Belfast Telegraph

Saturday 20 September 2014

Apple chiefs pondering profits slip

Apple is widely forecast to announce a decline in earnings

Technology giant Apple's profits have slipped for the first time in a decade.

The company posted profits of £6.27 billion (9.56 billion US dollars), down £1.38 billion (2.1 billion US dollars) from the same time last year in its second quarter results.

The company sold 37.4 million iPhones in the quarter, compared to 35.1 million for the same period a year ago, and 19.5 million iPads compared to 11.8 million.

Tim Cook, Apple's chief executive officer, remained defiant, saying: "We are pleased to report record March quarter revenue thanks to continued strong performance of iPhone and iPad. Our teams are hard at work on some amazing new hardware, software and services, and we are very excited about the products in our pipeline."

Apple said this autumn and 2014 would see some "really great stuff coming".

The change in Apple's fortunes is being attributed to increasing competition and reports of a slowdown in sales of its iPhone and suggestions that the company has lost crucial ground to rivals such as Samsung. Last week, Apple lost its position as the world's most valuable publicly traded company when its shares hit their lowest levels in a year and a half. This came after one of the firm's suppliers, Cirrus Logic - which provides sound components for the iPhone and iPad - said sales of a particular chip were slowing down.

"Our cash generation remains very strong, with 12.5 billion dollars (£8.2 billion) in cash flow from operations during the quarter and an ending cash balance of 145 billion dollars (£95.2 billion) ," said Peter Oppenheimer, Apple's chief financial officer.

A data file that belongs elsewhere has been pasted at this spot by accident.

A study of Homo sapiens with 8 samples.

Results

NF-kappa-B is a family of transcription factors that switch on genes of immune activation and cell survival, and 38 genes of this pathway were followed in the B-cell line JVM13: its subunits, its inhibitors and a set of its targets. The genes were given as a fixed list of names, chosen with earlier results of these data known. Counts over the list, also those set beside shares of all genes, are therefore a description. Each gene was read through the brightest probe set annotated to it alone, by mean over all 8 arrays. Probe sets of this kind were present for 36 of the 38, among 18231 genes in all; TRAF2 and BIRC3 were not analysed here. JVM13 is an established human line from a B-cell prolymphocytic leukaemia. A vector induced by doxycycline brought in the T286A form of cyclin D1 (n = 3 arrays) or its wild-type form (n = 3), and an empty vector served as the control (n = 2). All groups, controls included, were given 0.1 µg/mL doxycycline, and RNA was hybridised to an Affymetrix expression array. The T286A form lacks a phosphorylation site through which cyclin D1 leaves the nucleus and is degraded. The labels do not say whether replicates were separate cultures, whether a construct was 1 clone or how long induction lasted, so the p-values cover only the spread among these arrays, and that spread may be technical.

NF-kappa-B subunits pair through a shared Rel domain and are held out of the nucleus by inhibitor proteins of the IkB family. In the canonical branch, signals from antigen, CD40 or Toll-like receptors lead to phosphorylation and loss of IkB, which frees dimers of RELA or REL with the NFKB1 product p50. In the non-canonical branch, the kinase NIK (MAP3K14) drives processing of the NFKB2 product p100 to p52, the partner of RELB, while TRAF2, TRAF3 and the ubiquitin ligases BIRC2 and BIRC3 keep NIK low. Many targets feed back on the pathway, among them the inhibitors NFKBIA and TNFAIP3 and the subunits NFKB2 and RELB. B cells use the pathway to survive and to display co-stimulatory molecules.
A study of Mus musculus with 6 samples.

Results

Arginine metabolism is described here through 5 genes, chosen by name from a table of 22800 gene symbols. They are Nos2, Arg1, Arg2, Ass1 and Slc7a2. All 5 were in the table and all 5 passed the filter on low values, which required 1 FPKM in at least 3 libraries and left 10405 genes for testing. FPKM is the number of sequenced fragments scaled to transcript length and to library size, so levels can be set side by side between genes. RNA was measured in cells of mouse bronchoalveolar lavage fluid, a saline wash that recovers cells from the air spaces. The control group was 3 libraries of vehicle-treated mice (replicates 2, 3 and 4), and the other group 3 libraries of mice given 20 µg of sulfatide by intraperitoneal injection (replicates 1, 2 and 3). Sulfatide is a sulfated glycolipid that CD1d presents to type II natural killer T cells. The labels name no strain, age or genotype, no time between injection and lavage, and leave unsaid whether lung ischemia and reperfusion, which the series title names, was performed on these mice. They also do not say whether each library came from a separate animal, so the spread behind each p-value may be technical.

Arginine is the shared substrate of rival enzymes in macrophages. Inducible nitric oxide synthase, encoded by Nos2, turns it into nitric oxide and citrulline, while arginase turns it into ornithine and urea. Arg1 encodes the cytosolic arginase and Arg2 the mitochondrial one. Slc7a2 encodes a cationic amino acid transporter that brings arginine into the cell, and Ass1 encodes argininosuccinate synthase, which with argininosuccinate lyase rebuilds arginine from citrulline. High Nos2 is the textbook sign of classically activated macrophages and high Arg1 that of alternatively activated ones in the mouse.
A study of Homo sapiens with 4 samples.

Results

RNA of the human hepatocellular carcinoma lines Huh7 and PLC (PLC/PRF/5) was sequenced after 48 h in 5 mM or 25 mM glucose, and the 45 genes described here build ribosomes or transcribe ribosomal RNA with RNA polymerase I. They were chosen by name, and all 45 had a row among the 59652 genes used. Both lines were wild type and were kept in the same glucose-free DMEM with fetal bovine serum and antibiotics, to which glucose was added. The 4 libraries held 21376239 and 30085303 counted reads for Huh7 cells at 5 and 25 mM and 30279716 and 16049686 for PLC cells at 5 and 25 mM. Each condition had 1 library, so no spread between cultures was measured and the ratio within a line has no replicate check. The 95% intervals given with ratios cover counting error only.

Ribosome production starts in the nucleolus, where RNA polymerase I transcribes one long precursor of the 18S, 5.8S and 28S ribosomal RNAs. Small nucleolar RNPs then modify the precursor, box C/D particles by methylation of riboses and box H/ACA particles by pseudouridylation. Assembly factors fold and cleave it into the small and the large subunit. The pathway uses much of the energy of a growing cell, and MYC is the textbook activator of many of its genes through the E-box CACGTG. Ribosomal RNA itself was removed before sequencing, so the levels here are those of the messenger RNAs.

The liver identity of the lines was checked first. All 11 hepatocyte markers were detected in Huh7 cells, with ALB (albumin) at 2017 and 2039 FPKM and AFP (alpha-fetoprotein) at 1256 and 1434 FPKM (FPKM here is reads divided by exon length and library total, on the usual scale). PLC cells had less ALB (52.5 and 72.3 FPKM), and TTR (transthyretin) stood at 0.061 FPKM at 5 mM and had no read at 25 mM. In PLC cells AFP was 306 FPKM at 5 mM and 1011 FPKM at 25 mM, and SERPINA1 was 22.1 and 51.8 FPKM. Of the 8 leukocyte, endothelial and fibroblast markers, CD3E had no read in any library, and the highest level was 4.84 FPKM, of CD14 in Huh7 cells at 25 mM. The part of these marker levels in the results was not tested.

Though its profits were down, Apple's revenue rose to £28.6 billion (43.6 billion US dollars) from £25.7 billion (39.2 billion US dollars) last year.

The company has had huge success in the past decade but suffered a bruising winter after its growth began to stall. This led to speculation that demand for its flagship phones was shrinking and accusations that Apple was running out of ideas. The firm was dealt a further blow in January when figures for the Christmas period showed earnings of £8.2 billion (then 13.1 billion US dollars) remained flat compared to the year before - the first time in years that the technology giant had not boasted double-digit increases in earnings.

More recently, Apple has faced pressure from investors calling for new hit products, and mounting competition from Samsung which unveiled its latest Galaxy S4 handset to much fanfare in New York last month.